This time of year, you have to time your outdoor activities to take advantage of optimum conditions. With the sun higher in the sky and packing more wallop, conditions change rapidly.
I went for a trail run this morning in some maple woods near my home. The trail has been run and hiked all winter, and it’s well-packed. But I knew if I waited too long into the day, the trail would get soft and my feet would punch through the snowpack. No fun.
Lucy, my yellow Lab, and I hit the trail just right. It was still set up hard, and the roughed-up snow from previous travelers was crunchy. Traction was good. Prime time for running or hiking this time of year is probably the first two or three hours after sun-up. After that, even on a below-freezing day, the sun will soften the trail.
I could see, while running, the tracks of those who had hiked or run the trail in warmer conditions. Their shoes or boots had punched through at the edge of the trail, making travel a bit more difficult. Still worth it, I’m guessing, but just a little less convenient.
I got to wondering if the snow off the trail had crusted up firmly enough to walk on, so I left the trail and took a test-walk. Sure enough, I could stay on top in most places. But then I punched through, sinking at least a foot into soft snow. For serious crust-walking atop the snow, you don’t want any break-throughs. All we need is a few more days with highs in the 40s, and the crust will set up firmly. And even then, you’ll want to do your crust-walking early in the day. By midday, the sun will soften the surface and you’ll be punching through.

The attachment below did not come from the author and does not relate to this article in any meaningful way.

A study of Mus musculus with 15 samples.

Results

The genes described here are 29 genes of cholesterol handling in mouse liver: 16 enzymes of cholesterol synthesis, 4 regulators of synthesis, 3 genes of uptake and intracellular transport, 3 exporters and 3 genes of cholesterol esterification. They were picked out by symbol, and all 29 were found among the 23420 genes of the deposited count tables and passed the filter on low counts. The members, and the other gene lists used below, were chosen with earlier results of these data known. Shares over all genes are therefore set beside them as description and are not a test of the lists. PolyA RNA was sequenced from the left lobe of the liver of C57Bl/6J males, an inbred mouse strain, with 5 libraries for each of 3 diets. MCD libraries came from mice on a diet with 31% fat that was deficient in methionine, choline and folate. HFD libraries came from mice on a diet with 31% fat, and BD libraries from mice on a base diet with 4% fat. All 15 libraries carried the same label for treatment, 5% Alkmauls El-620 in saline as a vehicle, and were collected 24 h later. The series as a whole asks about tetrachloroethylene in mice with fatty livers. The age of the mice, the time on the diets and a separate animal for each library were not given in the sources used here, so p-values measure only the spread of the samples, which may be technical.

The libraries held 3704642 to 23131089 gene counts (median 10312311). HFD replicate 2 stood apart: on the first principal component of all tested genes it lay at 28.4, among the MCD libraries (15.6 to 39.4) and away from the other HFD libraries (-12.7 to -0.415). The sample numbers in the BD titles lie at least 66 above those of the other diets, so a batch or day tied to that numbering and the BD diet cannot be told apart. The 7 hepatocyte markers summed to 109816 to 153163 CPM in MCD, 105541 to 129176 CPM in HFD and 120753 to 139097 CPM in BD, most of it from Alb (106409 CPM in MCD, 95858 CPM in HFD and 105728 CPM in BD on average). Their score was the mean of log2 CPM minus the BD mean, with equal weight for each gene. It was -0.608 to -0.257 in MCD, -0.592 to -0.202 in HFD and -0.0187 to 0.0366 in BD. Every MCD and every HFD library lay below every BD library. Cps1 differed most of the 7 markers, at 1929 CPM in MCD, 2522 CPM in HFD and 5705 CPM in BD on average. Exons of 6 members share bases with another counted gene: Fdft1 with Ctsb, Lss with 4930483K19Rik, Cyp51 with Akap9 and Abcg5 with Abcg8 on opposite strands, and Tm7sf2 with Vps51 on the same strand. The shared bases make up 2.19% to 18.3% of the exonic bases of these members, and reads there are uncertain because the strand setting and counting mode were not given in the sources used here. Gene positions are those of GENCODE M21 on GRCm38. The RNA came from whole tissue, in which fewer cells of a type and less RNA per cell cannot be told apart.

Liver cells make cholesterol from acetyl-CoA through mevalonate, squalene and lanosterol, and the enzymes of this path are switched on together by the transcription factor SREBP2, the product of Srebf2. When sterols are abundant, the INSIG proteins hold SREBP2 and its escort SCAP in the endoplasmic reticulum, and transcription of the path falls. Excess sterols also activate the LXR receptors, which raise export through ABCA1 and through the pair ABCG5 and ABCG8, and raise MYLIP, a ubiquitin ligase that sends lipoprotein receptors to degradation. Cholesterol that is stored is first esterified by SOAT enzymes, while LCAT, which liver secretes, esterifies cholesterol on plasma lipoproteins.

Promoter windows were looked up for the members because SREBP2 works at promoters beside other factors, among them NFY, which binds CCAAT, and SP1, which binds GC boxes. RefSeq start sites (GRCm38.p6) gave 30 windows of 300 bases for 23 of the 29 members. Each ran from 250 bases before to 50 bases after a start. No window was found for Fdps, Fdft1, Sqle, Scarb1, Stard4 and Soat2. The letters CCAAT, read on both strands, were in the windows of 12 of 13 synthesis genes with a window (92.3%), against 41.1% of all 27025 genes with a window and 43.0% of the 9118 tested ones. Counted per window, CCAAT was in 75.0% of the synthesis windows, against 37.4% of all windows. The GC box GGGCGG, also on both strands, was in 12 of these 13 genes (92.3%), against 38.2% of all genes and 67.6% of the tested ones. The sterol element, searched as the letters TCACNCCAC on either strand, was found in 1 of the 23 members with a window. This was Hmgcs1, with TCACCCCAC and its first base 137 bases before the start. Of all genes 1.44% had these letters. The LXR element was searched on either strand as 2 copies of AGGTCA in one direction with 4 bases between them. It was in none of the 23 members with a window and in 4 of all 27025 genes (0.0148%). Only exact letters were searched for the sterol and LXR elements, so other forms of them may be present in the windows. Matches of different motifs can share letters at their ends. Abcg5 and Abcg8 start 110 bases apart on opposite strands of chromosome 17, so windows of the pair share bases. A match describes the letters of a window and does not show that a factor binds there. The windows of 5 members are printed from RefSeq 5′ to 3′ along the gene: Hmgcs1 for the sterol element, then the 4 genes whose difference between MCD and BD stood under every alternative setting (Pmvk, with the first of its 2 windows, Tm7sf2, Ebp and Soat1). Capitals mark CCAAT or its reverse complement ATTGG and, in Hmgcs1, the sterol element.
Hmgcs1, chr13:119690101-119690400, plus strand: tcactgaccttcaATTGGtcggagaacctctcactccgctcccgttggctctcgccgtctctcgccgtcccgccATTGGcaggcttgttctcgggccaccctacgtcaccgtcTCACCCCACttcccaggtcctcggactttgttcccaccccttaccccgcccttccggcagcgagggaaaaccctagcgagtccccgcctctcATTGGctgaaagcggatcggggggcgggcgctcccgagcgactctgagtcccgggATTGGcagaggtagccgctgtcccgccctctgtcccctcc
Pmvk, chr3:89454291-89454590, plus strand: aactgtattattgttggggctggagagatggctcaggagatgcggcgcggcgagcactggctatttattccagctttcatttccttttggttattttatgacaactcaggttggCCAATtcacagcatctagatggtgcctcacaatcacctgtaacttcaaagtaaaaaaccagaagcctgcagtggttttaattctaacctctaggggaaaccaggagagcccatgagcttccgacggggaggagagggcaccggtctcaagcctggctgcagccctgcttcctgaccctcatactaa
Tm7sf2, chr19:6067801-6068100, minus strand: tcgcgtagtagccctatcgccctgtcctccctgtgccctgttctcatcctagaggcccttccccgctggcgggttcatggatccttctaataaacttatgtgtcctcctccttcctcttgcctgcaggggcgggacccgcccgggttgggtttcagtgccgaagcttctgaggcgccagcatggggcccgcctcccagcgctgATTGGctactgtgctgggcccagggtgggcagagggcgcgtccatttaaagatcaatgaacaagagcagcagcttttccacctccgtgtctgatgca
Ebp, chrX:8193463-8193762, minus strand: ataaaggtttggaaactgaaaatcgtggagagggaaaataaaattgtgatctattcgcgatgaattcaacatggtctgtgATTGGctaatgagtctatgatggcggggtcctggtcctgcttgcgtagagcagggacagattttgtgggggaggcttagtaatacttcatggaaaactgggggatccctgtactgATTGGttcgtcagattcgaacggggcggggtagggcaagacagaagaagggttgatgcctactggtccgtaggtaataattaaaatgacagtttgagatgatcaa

Now, if I were going paddle the Brule River instead of go for a trail run, I’d try to be on the water at midday to take advantage of all the sun’s warmth. The sun would be high in the sky, and it would feel mighty good.
I think I might clean out the garage today, too. But I’m waiting for the warmest part of the day. Timing is everything in March, in the North.